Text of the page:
FunHow many people speak Esperanto in the world?

How many people speak Esperanto in the world?

Esperanto is a planned language that emerged at the end of the 19th century as a neutral and international language that served as a bridge between all the cultures and peoples of the planet. Developed by the Polish ophthalmologist LL Zamenhof in 1887, he used the nickname of “doctor Esperanto” to sign his books and decided that this was the name that would receive the lingua franca that he had developed and that was so much needed at a time of colonialist expansionism and early moments of globalization.

The political and social moment in which Esperanto appeared was not exactly the calmest. In Europe, Britain, France and Germany were racing against time to spread their influence, and their respective languages (English, French and German) were vying for the possibility of becoming an international language. However, the respective governments were not willing to cede such privileges to speakers of other languages, so that none of these three languages came to rise as an international language. It was then that Esperanto made its entrance onto the scene, which managed to spread due to its neutrality, ease of learning and lack of political connotations .

Although there were governments that supported and rejected the Esperanto project equally, this polarization was carried to the extreme after the Great War and during World War II. Esperanto used to be associated with more liberal ideologies and left positions such as socialism or communism. It is estimated that, in the interwar period, there were about 20,000 speakers of so-called ‘neutral Esperanto’ and another 10,000 of ‘non-neutral’ or socialist Esperanto. Esperanto has undergone a renaissance during the last 50 years and is currently widely disseminated and supported by numerous institutions, international organizations and governments .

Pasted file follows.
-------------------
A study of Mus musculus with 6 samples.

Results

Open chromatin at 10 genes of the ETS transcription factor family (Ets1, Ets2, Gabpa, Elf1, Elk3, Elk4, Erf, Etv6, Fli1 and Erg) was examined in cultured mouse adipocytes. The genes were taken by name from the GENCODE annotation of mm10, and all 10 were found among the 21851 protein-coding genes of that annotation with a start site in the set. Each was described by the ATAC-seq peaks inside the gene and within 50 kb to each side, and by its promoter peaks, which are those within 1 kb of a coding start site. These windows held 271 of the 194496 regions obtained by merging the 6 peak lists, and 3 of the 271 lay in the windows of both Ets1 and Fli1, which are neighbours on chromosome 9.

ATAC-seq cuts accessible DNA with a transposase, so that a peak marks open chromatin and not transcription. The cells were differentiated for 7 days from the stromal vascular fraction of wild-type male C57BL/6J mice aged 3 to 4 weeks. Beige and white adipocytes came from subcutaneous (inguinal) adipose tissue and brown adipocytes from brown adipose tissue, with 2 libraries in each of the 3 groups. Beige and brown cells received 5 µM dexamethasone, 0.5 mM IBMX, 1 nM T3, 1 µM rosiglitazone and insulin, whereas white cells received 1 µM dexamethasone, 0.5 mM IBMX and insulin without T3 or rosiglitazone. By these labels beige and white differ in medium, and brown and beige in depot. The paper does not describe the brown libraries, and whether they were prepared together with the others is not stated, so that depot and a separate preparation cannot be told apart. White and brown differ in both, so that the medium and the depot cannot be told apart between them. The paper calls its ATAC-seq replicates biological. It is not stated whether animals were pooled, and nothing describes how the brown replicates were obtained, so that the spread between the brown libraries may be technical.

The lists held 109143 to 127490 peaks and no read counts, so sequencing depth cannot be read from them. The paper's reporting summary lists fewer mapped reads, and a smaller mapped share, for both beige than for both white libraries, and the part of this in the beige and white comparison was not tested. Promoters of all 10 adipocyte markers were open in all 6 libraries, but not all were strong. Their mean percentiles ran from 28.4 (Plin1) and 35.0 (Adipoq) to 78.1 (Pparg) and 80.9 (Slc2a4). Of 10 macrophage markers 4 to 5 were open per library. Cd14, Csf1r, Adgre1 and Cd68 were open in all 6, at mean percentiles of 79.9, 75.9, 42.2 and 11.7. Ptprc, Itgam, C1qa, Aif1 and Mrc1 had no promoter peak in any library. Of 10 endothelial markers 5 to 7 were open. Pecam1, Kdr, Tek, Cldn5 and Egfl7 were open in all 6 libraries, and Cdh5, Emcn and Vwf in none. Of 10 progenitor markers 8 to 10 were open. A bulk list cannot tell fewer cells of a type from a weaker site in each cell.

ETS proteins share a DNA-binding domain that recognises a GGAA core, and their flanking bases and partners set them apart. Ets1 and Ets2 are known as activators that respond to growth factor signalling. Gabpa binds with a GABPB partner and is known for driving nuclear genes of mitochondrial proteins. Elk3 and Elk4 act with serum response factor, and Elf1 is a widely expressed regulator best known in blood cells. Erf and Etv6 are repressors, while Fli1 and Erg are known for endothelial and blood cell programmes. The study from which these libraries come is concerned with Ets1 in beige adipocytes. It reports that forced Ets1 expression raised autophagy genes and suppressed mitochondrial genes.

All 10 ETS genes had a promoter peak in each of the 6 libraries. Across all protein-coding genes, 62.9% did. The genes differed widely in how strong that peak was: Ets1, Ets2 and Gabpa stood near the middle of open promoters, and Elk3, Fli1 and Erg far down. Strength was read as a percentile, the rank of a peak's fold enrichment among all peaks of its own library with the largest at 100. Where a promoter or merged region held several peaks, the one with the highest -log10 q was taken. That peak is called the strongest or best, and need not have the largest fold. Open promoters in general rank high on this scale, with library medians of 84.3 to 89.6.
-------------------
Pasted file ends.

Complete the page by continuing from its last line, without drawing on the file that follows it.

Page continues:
Today, the number has increased considerably. According to statements by Roberto Garvía , professor in the Department of Social Sciences at the Carlos III University of Madrid, to the SINC Agency, it is estimated that there are some 100,000 fluent Esperanto speakers worldwide .

Esperanto is characterized by three distinctive features: its internationality, its neutrality, and its simple and lively nature . Things like being a completely phonetic language or having no grammatical gender make it a technically easy language to learn and explain the tremendous success it has had over the years. Its popularity has reached such a point that there are courses to learn the language, dictionaries and virtual libraries dedicated solely to Esperanto. More than 30,000 books, films and songs have already been translated into this international language and it even has its own day: December 15 , coinciding with the birth of Zamenhof, is International Esperanto Day.